Quantum field theory (QFT) extends quantum mechanics from single localised particles to fields that exist everywhere. These fields represent forces that permeate all of space and time. A familiar field is the electromagnetic field, which can be seen by scattering iron filings around a magnet. Another example is the gravitational field, which we see pointing towards the centre of the earth.
Both these examples are classical (non-quantum) fields. The application of quantum mechanics to these fields gives rise to the topic of QFT. The simplest QFT is quantum electrodynamics, the quantum theory of the electromagnetic field. This describes the interactions of electron and positrons (the anti-matter version of the electron – many of the particle’s properties are reversed) with the photon, the messenger particle of the electromagnetic field.
While the idea of QFT sounds straightforward, there are many conceptual complications. Although QFT reproduces classical physics easily, naive attempts to compute the quantum corrections give infinite answers. We all know it’s impossible to have a probability higher than 100%, so to get testable predictions, physicists must extract finite probabilities from the theory.
The technical term for the process is renormalisation. Originally this was seen as black magic: the answers were correct and agreed with nature, but the process of manipulating infinities seemed totally artificial. In the 1970s Kenneth Wilson was able to explain why the infinities were both natural and harmless. This research helped win him the Nobel Prize in 1982.
Wilson explained that the infinities arise because the calculations incorrectly assumed QFT applied down to infinitely short distances. We expect this hypothesis to be erroneous, and renormalisation is merely the sensible and systematic procedure for discarding infinities arising from this unphysical hypothesis.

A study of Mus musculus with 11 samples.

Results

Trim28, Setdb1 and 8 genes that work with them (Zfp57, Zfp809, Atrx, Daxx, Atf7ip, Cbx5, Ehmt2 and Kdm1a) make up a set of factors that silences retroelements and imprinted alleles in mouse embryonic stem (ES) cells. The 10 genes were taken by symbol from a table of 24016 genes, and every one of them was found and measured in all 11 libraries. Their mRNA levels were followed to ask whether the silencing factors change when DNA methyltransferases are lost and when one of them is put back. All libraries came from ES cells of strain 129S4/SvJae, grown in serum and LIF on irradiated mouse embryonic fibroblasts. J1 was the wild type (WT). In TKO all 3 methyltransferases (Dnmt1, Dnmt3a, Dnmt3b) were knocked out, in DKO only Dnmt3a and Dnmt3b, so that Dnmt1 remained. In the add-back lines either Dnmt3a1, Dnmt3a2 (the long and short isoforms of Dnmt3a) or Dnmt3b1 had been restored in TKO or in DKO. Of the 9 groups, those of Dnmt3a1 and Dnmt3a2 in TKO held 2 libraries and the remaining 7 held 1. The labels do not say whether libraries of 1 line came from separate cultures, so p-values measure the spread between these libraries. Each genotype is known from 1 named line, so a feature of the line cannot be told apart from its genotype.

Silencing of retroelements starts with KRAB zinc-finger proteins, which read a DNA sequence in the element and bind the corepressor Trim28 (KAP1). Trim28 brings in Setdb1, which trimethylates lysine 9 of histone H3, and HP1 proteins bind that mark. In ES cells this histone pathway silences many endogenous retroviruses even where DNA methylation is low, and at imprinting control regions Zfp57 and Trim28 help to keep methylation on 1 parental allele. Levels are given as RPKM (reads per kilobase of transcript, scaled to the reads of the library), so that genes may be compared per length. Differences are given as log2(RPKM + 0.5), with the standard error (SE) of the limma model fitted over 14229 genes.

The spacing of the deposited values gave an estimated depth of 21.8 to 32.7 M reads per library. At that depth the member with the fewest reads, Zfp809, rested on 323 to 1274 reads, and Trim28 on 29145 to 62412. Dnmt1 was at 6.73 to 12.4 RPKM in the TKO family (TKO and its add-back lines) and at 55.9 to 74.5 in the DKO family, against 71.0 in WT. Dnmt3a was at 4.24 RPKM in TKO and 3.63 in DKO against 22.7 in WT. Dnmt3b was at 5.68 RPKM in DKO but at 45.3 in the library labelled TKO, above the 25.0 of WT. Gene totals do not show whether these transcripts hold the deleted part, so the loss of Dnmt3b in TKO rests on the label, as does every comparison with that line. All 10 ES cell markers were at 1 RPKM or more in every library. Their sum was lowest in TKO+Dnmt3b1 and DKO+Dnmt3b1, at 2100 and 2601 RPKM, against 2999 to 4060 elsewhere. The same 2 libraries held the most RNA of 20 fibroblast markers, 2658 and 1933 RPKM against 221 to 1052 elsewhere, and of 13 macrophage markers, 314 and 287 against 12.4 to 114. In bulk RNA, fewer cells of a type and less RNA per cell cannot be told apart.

QFT presents a second difficulty. The machinery involved is so complicated that you can only ever get approximate answers. Rather than doing direct computations, physicists have to estimate the solutions. We call this approach perturbation theory.
In some situations it works very well, indeed physicists apply it all the time at particle accelerators like the Large Hadron Collider at CERN. You can even draw a pretty picture for it called a Feynman diagram (left). But it’s not all roses. In fact it’s pretty useless for managing the strong force at large distances.
After fifty years of progress we are well versed in the QFTs of three fundamental forces - electromagnetism, weak and strong. These form the basis of the famous Standard Model of particle physics. Its predictions have been repeatedly confirmed, sometimes to astonishing accuracy. However the Standard Model is not particularly elegant. It requires 19 finely tuned input parameters, and nobody knows why.
And the problems don’t end there. Sadly, the techniques of QFT fail for the fourth fundamental force – gravity. The force of gravity is said to be non-renormalisable. QFT can be used to provide an partial sketch for gravitation at low energy, but extending this is impossible – the high energy theory is worthless for making predictions since it requires an infinite number of constants.
To solve these problems we need something new. A unifying framework would bring gravity into the fold. It might predict the mysterious quantities of the Standard Model. And perhaps it will give us a deeper insight into physics beyond perturbation theory.